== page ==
Sullivan’s second album is an instant and self-assured blast of a record.
Natalie Shaw 2010
While Philly-born popstress Jazmine Sullivan is a relative unknown here in the UK, her career in the US is thriving. Her debut album Fearless received seven Grammy nominations, and it’s no surprise for the way she slaughters the microphone. Sullivan has produced one of 2010’s highlights in the ever-urgent Love Me Back; it’s a person exposed, emotionally fragmented and delivered with verve.
She takes typical relationship-based thought processes, psychoanalyses herself in their context, and whips her emotions up to make a whole – an album of mixed emotions from an over-thinking human. There’s often a lack of setting to these scenarios, giving the stories a more universal clarity untainted by specific personal details, a lucidity.
The songs belong together, as dimensions of her unshielded self-scrutiny. But it’s no hard-times therapy album, as there’s fun aplenty. Sullivan breezes through vintage late-80s Whitney on ode to Prince (and album highlight) Don’t Make Me Wait, in which she talks about getting her Vanity 6 on – and it's this sort of fun-times clinch that really seals the deal.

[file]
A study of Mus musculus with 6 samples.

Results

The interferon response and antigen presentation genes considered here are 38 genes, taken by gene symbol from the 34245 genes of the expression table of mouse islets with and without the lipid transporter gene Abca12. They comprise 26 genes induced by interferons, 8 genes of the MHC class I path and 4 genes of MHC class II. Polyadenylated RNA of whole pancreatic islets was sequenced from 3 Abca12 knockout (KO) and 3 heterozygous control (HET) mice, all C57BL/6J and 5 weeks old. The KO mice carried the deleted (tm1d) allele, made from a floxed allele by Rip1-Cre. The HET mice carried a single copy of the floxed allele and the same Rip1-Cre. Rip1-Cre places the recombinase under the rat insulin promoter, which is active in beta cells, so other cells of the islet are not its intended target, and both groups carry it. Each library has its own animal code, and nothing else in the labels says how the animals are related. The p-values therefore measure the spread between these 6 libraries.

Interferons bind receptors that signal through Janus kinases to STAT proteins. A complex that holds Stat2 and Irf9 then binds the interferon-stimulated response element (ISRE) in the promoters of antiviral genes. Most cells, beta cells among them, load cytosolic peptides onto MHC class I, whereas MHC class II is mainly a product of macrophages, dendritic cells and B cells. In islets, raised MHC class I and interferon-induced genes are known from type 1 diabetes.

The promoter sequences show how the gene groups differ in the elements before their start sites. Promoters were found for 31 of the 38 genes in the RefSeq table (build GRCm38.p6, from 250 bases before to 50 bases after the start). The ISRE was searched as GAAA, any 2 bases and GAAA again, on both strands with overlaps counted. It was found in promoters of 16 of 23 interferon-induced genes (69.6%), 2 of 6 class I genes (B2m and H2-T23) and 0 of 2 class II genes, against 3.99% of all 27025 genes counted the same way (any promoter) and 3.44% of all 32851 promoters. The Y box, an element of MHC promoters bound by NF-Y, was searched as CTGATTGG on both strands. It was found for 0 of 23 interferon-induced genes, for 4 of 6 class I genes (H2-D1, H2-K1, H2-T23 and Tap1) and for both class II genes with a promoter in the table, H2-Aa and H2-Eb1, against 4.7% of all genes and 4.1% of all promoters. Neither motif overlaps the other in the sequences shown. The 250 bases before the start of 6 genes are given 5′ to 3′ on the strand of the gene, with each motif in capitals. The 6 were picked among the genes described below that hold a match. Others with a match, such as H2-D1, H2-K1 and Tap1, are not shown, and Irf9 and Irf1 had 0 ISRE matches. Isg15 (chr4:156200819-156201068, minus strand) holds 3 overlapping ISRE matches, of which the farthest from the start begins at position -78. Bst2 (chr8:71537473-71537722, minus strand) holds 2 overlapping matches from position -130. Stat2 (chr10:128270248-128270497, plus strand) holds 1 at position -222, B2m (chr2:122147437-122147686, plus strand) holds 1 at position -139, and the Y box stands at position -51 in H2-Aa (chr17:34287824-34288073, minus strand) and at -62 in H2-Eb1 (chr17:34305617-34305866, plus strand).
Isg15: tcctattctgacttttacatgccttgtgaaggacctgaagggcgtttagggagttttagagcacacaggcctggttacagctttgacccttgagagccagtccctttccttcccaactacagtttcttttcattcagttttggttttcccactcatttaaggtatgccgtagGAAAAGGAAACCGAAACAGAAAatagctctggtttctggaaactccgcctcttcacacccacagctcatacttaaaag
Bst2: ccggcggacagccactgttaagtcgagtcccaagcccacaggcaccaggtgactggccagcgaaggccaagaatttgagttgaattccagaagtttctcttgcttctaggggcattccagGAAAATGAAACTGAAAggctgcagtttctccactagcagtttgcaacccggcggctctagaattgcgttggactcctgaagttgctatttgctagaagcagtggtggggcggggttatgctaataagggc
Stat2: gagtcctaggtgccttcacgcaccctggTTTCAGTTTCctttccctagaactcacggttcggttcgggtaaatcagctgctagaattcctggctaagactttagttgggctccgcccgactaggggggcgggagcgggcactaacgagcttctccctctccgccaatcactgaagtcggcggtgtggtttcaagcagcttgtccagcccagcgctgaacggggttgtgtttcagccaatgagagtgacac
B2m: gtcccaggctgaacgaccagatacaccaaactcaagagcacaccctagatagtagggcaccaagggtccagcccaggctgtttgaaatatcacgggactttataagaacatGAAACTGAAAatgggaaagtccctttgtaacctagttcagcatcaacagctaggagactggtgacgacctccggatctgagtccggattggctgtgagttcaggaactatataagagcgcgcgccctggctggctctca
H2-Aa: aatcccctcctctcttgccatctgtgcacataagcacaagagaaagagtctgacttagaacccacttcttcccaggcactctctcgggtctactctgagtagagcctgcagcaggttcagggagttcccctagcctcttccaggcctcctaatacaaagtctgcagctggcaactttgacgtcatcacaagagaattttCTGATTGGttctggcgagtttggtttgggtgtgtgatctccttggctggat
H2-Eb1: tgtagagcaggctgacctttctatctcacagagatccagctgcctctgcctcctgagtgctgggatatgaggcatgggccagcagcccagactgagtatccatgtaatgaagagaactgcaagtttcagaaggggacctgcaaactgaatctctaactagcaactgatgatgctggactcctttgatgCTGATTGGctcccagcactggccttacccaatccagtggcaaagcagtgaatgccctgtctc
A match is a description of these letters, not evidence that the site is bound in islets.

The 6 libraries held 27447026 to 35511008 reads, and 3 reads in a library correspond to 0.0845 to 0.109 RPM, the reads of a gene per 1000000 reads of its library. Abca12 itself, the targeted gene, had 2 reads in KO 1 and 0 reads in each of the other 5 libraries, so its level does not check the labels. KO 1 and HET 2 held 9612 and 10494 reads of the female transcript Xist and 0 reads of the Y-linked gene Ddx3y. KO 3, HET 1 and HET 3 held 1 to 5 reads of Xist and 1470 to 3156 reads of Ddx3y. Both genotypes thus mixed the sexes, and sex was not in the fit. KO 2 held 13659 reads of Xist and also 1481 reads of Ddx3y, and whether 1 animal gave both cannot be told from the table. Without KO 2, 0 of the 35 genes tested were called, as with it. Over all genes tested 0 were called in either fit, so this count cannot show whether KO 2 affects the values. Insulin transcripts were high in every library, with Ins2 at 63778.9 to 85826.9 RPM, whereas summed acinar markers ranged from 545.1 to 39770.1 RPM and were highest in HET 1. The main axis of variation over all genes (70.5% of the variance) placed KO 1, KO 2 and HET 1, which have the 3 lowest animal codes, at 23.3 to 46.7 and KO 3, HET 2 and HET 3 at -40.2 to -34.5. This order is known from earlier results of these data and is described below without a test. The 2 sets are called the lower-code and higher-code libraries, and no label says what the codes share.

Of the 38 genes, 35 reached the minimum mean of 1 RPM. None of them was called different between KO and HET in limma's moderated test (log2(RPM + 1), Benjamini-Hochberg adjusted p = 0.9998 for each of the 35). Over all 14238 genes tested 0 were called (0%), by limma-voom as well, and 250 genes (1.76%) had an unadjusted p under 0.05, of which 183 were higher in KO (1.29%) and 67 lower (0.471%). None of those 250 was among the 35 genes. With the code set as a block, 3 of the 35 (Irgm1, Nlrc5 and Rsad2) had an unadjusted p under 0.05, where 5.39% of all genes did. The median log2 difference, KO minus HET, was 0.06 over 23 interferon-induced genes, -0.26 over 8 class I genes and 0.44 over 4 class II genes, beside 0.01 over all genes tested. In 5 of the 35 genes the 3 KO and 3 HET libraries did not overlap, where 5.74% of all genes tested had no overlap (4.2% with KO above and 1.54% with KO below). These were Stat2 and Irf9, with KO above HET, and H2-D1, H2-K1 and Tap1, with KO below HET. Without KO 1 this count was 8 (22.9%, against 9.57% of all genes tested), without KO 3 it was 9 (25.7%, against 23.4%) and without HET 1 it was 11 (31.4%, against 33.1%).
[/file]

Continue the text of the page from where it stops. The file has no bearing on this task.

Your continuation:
Whether it’s as an obsessed girlfriend on Love You Long Time with its addictive confederate drum-beats, or a nervous wreck on Stuttering, Sullivan’s emotions are ever put on the line. The mad variation in influences is effortless too, throwing back to Angie Stone, Stevie Wonder and Jill Scott among others.
Love Me Back is fearful, but more explorative so than her debut Fearless – it’s a face-level questioning, a thought process siphoned out of Sullivan’s mind. Bits of the story often unfold with the songs, such as on 10 Seconds, where the chorus counts down the time her ex has to pack his bags. And the album is no less subtly urgent elsewhere; its explicit title is a symbol for the singer’s exuberance.
On Famous, she questions why everyone doesn’t want to be just that: "I wanna matter to the world / To a girl watching me on TV / Watching me and I want her to wanna be me." And she gets away with this boldness not as a let-off, but instead as someone who understands her own mind. Love Me Back is worth so much more than the future classic tag it’s been lumped with – it’s an instant and self-assured blast of a record, its maker a new star to love.